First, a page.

BY ANGELA MATUA

New York is preparing to take on zombies — not the flesh-eating walking dead, but the abandoned properties that have been a scourge in Howard Beach and other south Queens neighborhoods.

Gov. Andrew Cuomo announced that 11 leading banks, mortgage companies and credit unions representing 70 percent of the New York market will actively work to help combat the economic damage and poor safety conditions brought on by zombie properties.

Assemblyman Phillip Goldfeder has been fighting the steady increase in zombie properties in his district, which includes neighborhoods that saw heavy damage from Hurricane Sandy in 2012.

Goldfeder sent letters to Wells Fargo, Bank of America and CitiMortgage urging them to take steps to improve properties in their possession.

These institutions, along with Ocwen, Nationstar, PHH, Green Tree Servicing, Astoria Bank, Bethpage Federal Credit Union, M&T Bank and Ridgewood Savings Bank, have agreed to abide by these practices.

“Zombie properties not only have the potential to affect our families’ health and drive down property values, they also slow our long-term recovery from the devastation caused by Sandy,” Goldfeder said. “I applaud banks and lenders for stepping forward as true community partners and agreeing to take the necessary steps to fight the growth of zombie properties and improve quality of life for thousands in southern Queens and Rockaway.”

Existing law dictates that property owners are in charge of maintaining these homes until banks receive a judgement of foreclosure, which can take more than three years after homeowners file for foreclosure.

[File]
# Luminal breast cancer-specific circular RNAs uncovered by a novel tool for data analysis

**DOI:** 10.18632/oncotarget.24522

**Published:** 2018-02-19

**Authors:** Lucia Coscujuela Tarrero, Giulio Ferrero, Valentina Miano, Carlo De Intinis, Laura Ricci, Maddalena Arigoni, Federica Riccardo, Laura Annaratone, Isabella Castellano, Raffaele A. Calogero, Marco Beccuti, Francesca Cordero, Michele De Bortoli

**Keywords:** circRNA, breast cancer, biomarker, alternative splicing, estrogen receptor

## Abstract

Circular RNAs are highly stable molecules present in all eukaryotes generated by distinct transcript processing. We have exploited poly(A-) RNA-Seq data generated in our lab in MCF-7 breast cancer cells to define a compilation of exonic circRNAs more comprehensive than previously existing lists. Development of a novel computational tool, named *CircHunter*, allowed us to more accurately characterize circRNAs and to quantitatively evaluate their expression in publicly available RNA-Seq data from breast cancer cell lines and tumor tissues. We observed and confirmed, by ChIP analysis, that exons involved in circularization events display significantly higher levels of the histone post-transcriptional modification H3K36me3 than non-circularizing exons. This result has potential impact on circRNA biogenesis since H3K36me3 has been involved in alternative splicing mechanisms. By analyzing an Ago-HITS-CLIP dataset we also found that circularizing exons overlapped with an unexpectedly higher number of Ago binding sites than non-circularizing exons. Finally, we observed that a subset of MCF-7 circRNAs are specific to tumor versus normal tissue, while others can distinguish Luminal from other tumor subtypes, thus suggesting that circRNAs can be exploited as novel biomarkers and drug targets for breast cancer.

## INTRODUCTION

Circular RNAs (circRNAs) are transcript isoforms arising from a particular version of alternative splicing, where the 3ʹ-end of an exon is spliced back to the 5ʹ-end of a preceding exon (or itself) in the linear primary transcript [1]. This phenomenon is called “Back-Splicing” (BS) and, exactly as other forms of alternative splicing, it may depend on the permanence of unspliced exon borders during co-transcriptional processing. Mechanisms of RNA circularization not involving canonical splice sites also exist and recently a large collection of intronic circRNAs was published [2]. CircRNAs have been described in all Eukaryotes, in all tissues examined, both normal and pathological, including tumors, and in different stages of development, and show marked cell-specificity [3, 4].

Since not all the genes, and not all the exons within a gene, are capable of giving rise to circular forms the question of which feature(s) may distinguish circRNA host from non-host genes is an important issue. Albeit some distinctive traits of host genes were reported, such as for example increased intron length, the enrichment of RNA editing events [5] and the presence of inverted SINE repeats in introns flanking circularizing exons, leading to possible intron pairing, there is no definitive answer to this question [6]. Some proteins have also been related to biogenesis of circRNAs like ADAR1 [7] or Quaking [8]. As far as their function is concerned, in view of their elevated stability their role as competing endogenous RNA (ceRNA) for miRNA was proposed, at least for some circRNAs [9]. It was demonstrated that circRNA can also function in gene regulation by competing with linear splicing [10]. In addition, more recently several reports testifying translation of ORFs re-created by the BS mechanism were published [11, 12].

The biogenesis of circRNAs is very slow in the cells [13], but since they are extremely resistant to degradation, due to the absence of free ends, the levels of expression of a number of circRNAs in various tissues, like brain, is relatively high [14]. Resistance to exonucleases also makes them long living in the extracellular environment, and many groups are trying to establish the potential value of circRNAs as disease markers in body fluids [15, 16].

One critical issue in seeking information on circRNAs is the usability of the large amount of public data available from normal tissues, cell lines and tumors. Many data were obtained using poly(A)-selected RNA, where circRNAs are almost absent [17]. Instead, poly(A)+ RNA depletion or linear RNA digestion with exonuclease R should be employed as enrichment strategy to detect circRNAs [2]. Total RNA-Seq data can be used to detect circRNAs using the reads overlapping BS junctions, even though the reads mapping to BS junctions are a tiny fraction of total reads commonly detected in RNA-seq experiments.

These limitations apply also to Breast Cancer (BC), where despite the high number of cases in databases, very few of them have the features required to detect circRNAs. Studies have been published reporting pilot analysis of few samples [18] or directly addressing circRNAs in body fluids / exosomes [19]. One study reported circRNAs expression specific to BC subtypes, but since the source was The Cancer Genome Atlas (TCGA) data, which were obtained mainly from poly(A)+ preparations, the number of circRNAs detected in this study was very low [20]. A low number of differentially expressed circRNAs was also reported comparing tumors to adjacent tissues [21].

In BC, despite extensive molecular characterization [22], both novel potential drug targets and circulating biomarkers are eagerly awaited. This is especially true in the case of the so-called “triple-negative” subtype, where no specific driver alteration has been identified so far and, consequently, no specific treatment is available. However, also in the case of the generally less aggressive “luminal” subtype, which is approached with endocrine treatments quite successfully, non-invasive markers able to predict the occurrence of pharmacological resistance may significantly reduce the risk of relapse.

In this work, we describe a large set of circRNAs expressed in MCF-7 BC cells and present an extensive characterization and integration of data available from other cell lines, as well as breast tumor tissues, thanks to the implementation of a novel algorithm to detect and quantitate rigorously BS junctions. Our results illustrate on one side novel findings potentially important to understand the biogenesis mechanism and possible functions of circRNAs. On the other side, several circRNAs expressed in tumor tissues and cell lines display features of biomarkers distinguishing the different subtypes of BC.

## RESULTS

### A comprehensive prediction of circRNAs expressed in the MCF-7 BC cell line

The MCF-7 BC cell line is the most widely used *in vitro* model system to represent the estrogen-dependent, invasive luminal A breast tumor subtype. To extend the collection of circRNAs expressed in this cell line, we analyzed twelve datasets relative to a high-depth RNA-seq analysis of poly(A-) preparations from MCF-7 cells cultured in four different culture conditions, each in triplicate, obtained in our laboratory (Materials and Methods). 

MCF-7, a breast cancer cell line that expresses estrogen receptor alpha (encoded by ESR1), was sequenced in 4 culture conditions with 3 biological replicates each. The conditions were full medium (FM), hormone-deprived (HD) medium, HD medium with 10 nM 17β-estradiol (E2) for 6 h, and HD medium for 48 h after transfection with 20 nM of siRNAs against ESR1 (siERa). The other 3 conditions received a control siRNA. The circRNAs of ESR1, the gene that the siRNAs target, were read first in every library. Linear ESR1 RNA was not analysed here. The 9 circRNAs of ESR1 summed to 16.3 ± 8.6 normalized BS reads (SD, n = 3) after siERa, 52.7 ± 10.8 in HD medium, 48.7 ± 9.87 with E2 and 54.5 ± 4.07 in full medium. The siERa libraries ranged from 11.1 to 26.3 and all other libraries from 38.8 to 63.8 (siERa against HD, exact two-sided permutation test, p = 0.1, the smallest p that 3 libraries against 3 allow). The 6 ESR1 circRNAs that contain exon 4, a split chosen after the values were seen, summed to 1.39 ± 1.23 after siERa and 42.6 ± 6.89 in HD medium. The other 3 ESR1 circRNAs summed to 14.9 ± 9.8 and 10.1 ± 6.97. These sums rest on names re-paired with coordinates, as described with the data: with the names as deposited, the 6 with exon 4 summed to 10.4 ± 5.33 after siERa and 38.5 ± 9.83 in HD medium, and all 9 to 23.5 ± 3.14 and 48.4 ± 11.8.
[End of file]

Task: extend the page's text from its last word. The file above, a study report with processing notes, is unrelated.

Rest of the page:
The participating financial institutions have agreed to regularly inspect properties that fall into delinquency to determine if they are vacant and abandoned, and properly maintain them. Exterior inspections will be conducted within 60 days of delinquency to assess possible vacancy, and then every 30 days after that period.

Institutions will secure the property and maintain safety for communities, including replacing or boarding up windows and changing locks; ensure compliance with applicable New York maintenance codes for minimum sanitary conditions and structural safety; and report abandoned and vacant properties to a state registry to be developed by the New York State Department of Financial Services. Local government officials will also have access to this information.

A report from state Attorney General Eric Schneiderman found that statewide, 16,701 zombie properties existed in New York, an increase of 50 percent from 2013 to 2014.

Residents have called 311 to complain about 16 instances of abandoned properties in Goldfeder’s district from January to April 2015, a representative for his office said.

Rockaway Park resident Tricia Balsamello reached out to Goldfeder’s office to tell the assemblyman about an abandoned house in her neighborhood.

“Since Sandy, I’ve regularly called the banks and the local police precinct to have my neighbor’s abandoned property secured,” Balsamello said. “I’d look out the window at two in the morning and the porch door in the back of the house would be wide open. The backyard also has an unsecured pool. I have two 9-year-olds and I’m afraid to let them outside in case they fall in. I’m hopeful that this new agreement will help improve the problem.”